The Courier Mail
January 18, 2010
RENOVATIONS can be painful experiences and for Simon Hill and his team at Ortiga – the restaurant formerly known as Isis – the highly anticipated opening has been a bittersweet process.
First came the sweet bit – the field trip where Hill and his key people, chef Pablo Tordesillas and manager/sommelier Matt Brook, spent three weeks distilling their vision and eating their way around the Spanish culinary landscape.
Sourcing and creating fantastic artisan produce like jamons and the Ortiga-branded sausages made to Tordesillas’ recipes in Sydney and giving the already substantial cellar a Spanish injection must also have been fun.
Then there was the bitter – the building process and its associated drama, all of which eventually fell into place with one monster exception.
The very open kitchen now located downstairs needed a complicated extraction fan, which came in parts from Germany. Unfortunately, they didn’t fit and this set the opening back by months.
Looking like a modern art installation, this umbrella of steel is mighty powerful and necessary because the kitchen is quite literally in the dining area.
Tordesillas is parked nightly at the dolomite stone pass which is designed to look like a kitchen table. Grills fire and the enticing aromas reach the nearby tables minus the smoke and bluster from the plancha grill.
The brick wall behind the kitchen has been glassed in and backlit, creating one of the most attractive open-plan kitchens I’ve seen.
The menu takes some explaining.
Upstairs it’s simple wines by the glass and delicate tapas like piquillo peppers stuffed with salt cod, Spanish pizza topped with spreadable pork sausage, boards of Iberico and other jamons. A delicious baby gem-heart lettuce is draped with cantabrian anchovies with a creamy valdeon dressing or you can nibble on some spiced nuts, olives and shucked-to-order oysters. Downstairs, traditional recipes have been given a shake up in both preparatory methods and plating techniques.
Oysters with pigs’ trotters is an example. Where you would expect some charcuterie in the form of a hoof, perhaps stuffed with oysters, you get no such thing. Put through several intricate cooking processes until the meat literally falls apart, it is then set and cut into strips. This wraps around the oysters, encasing them entirely, and the dish is served warm with a piquant blend of fried ortigas (stinging nettles), crushed fried bread, garlic and nuts. Hard to picture? I’m sure it is but, trust me, the flavour burst of the hidden oysters is a gastronomic show-stopper.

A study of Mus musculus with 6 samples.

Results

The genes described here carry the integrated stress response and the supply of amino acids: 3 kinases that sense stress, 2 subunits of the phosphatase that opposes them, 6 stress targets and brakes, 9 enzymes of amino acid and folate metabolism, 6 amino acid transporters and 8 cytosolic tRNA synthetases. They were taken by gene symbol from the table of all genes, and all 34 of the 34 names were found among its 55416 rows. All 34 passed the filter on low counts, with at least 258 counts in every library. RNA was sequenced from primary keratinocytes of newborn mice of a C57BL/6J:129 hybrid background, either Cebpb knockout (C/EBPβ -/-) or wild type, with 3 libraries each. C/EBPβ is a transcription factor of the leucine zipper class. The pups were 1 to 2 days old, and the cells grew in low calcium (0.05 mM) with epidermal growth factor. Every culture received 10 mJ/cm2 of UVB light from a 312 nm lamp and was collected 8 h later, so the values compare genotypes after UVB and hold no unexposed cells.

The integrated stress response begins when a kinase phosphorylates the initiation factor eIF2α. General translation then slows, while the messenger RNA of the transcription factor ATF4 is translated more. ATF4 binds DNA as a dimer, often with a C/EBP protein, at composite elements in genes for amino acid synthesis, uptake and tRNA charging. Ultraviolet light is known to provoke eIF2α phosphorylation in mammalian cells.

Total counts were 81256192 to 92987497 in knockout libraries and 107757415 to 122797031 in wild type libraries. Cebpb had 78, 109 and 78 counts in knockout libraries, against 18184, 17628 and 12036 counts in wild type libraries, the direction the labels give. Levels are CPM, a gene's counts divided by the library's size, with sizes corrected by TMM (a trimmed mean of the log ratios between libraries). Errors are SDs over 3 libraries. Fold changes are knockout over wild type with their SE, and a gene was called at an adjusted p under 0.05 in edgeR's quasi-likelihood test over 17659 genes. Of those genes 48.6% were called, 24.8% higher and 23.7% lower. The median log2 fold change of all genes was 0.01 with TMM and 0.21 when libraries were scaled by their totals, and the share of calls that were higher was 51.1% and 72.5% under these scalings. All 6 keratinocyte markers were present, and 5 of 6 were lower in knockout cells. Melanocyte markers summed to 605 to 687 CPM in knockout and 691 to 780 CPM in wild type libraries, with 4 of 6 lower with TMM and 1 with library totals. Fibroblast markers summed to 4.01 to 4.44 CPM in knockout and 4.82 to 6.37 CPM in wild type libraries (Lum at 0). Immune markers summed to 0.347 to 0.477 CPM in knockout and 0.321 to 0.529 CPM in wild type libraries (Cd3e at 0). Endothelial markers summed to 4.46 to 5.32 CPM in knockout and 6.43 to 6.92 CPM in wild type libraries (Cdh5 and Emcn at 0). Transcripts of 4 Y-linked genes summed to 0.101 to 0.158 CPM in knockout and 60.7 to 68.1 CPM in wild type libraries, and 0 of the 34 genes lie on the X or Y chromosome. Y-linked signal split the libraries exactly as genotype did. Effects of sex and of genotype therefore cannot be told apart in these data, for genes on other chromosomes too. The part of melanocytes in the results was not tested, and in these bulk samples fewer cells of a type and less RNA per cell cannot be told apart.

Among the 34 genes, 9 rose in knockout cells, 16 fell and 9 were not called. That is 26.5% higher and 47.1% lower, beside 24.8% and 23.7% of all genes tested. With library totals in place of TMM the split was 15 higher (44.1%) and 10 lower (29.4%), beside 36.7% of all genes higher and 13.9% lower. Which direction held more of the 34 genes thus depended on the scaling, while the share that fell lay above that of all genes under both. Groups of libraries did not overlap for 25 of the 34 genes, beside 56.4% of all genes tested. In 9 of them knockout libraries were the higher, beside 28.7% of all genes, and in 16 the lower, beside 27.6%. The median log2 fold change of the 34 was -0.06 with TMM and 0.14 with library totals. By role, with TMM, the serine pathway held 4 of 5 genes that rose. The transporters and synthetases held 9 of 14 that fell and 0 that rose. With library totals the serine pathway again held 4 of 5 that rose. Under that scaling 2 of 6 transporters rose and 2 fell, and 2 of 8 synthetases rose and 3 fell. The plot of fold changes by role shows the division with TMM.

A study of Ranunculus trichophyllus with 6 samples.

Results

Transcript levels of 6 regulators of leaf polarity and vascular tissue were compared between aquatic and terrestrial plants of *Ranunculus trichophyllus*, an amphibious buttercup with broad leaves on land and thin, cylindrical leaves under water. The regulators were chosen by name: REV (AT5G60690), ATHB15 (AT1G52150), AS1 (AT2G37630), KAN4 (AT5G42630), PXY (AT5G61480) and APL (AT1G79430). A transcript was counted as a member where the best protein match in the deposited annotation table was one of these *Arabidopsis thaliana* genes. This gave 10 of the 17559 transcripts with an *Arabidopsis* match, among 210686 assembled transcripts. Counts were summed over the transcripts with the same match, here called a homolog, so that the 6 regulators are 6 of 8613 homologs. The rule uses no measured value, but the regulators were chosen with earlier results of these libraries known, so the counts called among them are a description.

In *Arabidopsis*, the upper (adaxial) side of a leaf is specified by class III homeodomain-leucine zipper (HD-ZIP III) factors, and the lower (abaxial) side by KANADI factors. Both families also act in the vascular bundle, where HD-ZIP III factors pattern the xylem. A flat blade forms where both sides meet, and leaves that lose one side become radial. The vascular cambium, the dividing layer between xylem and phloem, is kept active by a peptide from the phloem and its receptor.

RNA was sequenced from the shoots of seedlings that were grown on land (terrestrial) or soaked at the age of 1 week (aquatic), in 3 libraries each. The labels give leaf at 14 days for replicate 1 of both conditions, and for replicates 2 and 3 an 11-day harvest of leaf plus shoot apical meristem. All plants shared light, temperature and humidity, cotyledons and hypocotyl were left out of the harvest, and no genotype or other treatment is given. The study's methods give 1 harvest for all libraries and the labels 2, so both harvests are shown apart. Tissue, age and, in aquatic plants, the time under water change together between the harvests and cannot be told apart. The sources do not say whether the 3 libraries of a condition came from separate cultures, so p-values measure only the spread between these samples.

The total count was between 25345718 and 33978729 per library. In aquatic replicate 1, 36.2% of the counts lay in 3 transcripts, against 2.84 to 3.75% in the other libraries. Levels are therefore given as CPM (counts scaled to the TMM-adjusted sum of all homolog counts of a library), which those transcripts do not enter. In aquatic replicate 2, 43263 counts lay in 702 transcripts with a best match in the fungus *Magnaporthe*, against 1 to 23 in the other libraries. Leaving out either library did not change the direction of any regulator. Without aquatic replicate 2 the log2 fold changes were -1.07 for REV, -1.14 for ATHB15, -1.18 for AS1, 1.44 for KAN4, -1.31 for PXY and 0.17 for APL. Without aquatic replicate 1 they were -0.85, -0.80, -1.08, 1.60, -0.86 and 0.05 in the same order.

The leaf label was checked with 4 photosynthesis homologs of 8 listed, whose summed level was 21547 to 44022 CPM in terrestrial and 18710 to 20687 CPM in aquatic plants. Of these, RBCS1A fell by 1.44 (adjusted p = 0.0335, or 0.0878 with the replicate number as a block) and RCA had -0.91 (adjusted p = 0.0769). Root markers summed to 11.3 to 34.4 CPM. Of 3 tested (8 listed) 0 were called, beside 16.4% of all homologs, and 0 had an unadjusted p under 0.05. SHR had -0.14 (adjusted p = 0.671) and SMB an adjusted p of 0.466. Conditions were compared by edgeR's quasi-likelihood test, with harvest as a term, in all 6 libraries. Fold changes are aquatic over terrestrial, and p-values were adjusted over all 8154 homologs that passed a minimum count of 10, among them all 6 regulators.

Carrillera de cerdo estofada, or pork cheeks – the actual cheeks about the size of an eye, not the fleshy jowls – are vacuum-packed and slow braised in a circulator with fino sherry and almonds. The result is stunning. It’s as rich as Croesus but you want to drink the sauce straight up.
Ajo blanco is normally a soup garnished with grapes and melon but this version is a creamy cappuccino draped elegantly over smoked eel and garnished with grapes.
Escabeche of quail is an artistic arrangement of tiny, fragrant quail joints perfumed with coriander and fennel, seared until lightly caramelised and served with a bitter leaf salad to balance the sweet richness of the meat.
Goat’s milk is just set using a rennet derivative and forms a soft, wobbly custard so delicate it’s almost gossamer-like. Sliced fig is the perfect accompaniment but the truffled honey is a double edged sword. The honey is ideal but the truffle packs a bit too much punch for my palate.
The wine list is easily one of the state’s best, with eloquent descriptions that help decode the multiple global listings and you are also in good hands with manager/sommelier Matt Brook, whose knowledge of the menu and its evolutionary background is invaluable.
It might have nearly done him in but Simon Hill has pulled this one off and then some. This is bold, robust food put through molecular techniques and plated in an artistic and contemporary manner. It is hard to get the x-factor that the place is already exuding down on paper – guess you’ll have to see for yourself.